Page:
Measuring when "it" is over

By DAVID MOON, Moon Capital Management, LLC
November 23, 2008

'When do you think it will be over?'

That is the question of the year. Like the weather, everyone talks about it, but no one can do anything to affect it. Clients, friends, other investment professionals, my wife, even my 8-year-old kids want to know when it will be over.

To discuss the question, however, we must agree on the definition of 'it.'

Is 'it' the economy or the stock market? They are not the same thing. Stock prices do eventually reflect economic reality, but in the short-term, stock prices can move in reaction to practically any factor, whether it's rational or not.

When the Dow Jones Industrial Average closed at 8,835 early last week, it sat at the exact level it did on June 12, 1998. The capital appreciation return for the stock market was zero over this 10-year period.

Despite the economic malaise of the last 12 months, however, the economy did grow over the past decade. Gross Domestic Product, the measurement of the amount of goods and services produced in the country, increased 30 percent during those 10 years of flat stock prices (1998 to now.)

This isn't the first time something like this has happened ' not even in recent history. From 1966 to 1982 the Dow Jones Industrial Average also increased a net of zero points. On September 7, 1966 the index sat at 777, just as it did on August 12, 1982.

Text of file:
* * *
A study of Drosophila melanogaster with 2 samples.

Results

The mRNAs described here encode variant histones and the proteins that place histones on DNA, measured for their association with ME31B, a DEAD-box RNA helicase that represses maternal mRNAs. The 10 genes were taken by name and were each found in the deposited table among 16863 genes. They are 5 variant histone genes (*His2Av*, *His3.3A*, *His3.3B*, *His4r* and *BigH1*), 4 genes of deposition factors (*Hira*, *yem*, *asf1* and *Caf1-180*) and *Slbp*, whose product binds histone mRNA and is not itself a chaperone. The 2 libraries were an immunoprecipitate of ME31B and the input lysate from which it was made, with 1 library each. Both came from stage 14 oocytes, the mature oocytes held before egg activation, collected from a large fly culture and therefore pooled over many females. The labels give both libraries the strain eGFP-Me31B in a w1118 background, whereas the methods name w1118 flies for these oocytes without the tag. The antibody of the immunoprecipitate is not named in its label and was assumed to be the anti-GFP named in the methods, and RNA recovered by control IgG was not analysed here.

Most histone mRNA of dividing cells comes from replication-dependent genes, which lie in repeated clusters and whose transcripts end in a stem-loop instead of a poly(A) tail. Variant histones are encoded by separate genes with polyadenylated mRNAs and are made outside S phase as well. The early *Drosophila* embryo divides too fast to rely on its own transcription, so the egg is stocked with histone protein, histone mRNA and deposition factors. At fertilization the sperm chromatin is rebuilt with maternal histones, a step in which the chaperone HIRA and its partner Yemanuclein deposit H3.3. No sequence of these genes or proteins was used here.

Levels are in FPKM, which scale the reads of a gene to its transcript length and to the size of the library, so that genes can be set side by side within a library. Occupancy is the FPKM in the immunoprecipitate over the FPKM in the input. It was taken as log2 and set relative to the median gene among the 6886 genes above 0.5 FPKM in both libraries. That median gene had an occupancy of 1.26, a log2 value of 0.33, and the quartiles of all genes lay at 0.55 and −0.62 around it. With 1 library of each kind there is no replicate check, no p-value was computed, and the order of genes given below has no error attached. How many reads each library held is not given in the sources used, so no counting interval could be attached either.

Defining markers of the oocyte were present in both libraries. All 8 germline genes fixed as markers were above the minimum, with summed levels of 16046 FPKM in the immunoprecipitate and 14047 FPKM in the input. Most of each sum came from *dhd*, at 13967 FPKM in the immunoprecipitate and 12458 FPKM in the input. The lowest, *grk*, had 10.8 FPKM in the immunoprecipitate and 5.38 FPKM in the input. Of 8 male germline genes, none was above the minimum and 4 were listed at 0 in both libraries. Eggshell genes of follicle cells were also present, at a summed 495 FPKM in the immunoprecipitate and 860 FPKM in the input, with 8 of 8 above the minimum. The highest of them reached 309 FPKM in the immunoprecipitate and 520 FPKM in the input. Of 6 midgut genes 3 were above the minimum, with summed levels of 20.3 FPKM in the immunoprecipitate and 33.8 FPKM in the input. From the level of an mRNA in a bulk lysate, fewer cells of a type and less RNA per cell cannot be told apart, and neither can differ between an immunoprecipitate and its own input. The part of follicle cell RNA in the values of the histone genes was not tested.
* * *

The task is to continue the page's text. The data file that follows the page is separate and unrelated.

In spite of a recession during 1980-1982, the economy grew 51 percent during those 16 years ' a period in which the stock market was essentially flat.

How can that be?

Although stock prices tend to reflect the underlying fundamentals of a company, the correlation is neither perfect nor immediate. Investors try to anticipate changes in corporate earnings. When coming out of recession, the stock market has historically improved prior to the economy.

If you get out of stocks and wait for the economy to recover, you'll probably miss the boat.

Stocks can move drastically in a short period, which can impact the overall return for a longer measurement period. The DJIA has declined more than 40 percent in about the past 13 months. This wiped out the 60 percent increase of the previous nine years, resulting in a 10-year return of zero.

The beginning point matters. When you measure the percent change in something ' like the DJIA ' both your starting and ending measuring points are important. Changing either of them by only a few months can radically change your conclusions. You might be starting your measurement from either a grossly undervalued or overvalued level.

If a person loses 50 pounds, would that make them skinny?

Not if they started their diet at 400 pounds.

The stock market has just suffered one of the worst 12-month periods on record. No one knows how it will perform over the next 10 years. But we do know a little something about the beginning point for that measurement.

We are clearly not starting from a historically overvalued level.

David Moon is president of Moon Capital Management, a Knoxville-based investment management firm. This article originally appeared in the News Sentinel (Knoxville, TN).